NEW DELHI: Foreign direct investment (FDI) into India may decline sharply in 2020 because of the impact of the coronavirus pandemic and the consequent lockdown measures, supply chain disruptions and economic slowdown even as FDI inflows to Asia’s third largest economy jumped over 20% to $51 billion in 2019, according to the United Nations Conference on Trade and Development (UNCTAD).
According to the latest World Investment Report 2020 by UNCTAD, India jumped from 12th position in 2018 to 9th position in 2019 among the world’s largest FDI recipient.
“In South Asia, FDI is also expected to contract sharply. In India, the biggest FDI host in the sub-region, with more than 70% of inward stock, the number of greenfield investment announcements declined by 4% in the first quarter, and M&As contracted by 58%," the UNCTAD report said.
However, UNCTAD said India’s economy could prove the most resilient in the region. “FDI to India has been on a long-term growth trend. Positive, albeit lower, economic growth in the post-pandemic period and India’s large market will continue to attract market-seeking investments to the country," it added.
The report said India’s most sought-after industries, which include professional services and the digital economy, could see a faster rebound as global venture capital firms and technology companies continue to show interest in India’s market through acquisitions. “Investors concluded deals worth over $650 million in the first quarter of 2020, mostly in the digital sector.12 Large deals in energy were also concluded, such as the acquisition by Total (France) of Adani Gas (India), valued at $800 million," it added.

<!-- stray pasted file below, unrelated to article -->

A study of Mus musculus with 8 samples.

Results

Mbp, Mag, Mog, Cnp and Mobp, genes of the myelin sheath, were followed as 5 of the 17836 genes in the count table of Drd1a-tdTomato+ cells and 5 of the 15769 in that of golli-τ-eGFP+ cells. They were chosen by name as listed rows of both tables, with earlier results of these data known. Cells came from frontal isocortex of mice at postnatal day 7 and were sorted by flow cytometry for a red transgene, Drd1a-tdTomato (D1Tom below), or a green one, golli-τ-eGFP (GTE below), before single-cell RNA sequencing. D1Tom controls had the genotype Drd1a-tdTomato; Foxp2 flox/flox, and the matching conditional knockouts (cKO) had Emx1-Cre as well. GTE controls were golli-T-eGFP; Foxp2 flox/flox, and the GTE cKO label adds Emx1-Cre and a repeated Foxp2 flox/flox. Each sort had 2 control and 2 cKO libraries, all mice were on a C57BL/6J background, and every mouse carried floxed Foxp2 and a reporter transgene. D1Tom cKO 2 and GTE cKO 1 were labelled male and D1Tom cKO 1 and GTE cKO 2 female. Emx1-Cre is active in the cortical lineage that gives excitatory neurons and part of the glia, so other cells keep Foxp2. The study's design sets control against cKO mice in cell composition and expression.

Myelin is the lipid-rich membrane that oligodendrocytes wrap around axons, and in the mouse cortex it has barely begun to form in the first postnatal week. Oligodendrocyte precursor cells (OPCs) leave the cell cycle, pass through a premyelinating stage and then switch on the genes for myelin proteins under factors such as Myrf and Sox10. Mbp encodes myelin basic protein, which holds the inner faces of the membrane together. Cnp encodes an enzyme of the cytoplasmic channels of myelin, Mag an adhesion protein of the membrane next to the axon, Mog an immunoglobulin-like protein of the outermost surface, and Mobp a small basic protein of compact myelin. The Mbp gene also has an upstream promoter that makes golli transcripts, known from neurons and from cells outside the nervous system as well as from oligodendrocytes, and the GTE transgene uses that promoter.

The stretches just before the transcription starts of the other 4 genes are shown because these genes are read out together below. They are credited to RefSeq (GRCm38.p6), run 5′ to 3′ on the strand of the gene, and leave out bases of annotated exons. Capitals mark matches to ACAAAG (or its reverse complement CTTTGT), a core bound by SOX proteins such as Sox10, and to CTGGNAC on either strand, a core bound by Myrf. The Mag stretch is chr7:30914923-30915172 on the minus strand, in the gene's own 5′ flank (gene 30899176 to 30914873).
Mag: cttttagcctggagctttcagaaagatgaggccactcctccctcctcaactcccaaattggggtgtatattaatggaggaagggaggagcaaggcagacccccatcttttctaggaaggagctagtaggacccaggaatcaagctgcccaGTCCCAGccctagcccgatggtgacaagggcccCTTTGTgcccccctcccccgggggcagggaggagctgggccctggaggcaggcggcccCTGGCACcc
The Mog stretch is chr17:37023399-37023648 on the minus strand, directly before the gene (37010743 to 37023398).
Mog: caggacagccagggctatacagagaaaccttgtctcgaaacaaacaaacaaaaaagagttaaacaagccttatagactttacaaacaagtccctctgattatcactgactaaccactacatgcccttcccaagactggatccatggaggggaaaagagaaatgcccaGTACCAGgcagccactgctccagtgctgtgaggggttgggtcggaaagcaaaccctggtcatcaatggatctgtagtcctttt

According to the report, global FDI flows are forecast to decrease by up to 40% in 2020, from their 2019 value of $1.54 trillion. This would bring FDI below $1 trillion for the first time since 2005. In addition, FDI is projected to decrease by a further 5% to 10% in 2021 and to initiate a recovery in 2022, the report says.
Global FDI flows rose modestly in 2019, following the sizable declines registered in 2017 and 2018. At $1.54 trillion, inflows were 3% up. The rise in FDI was mainly the result of higher flows to developed economies, as the impact of the 2017 tax reforms in the United States waned, UNCTAD said.
“The outlook is highly uncertain. Prospects depend on the duration of the health crisis and on the effectiveness of policies mitigating the pandemic’s economic effects," said UNCTAD Secretary-General Mukhisa Kituyi.
The Organization for Economic Cooperation and Development last week said the world economy may contract by 6% or 7.6% in 2020, depending on a single-hit or a double-hit scenario of the coronavirus pandemic, respectively. It expects India’s economy to contract by as much as 7.3% in FY21 if a second wave of coronavirus sweeps the country.
Investment flows are expected to slowly recover starting 2022, led by global value chains (GVCs) restructuring for resilience, replenishment of capital stock and recovery of the global economy, the report said.
“The impact, although severe everywhere, varies by region. Developing economies are expected to see the biggest fall in FDI because they rely more on investment in GVC-intensive and extractive industries, which have been severely hit, and because they are not able to put in place the same economic support measures as developed economies," said James Zhan, UNCTAD’s director of investment and enterprise.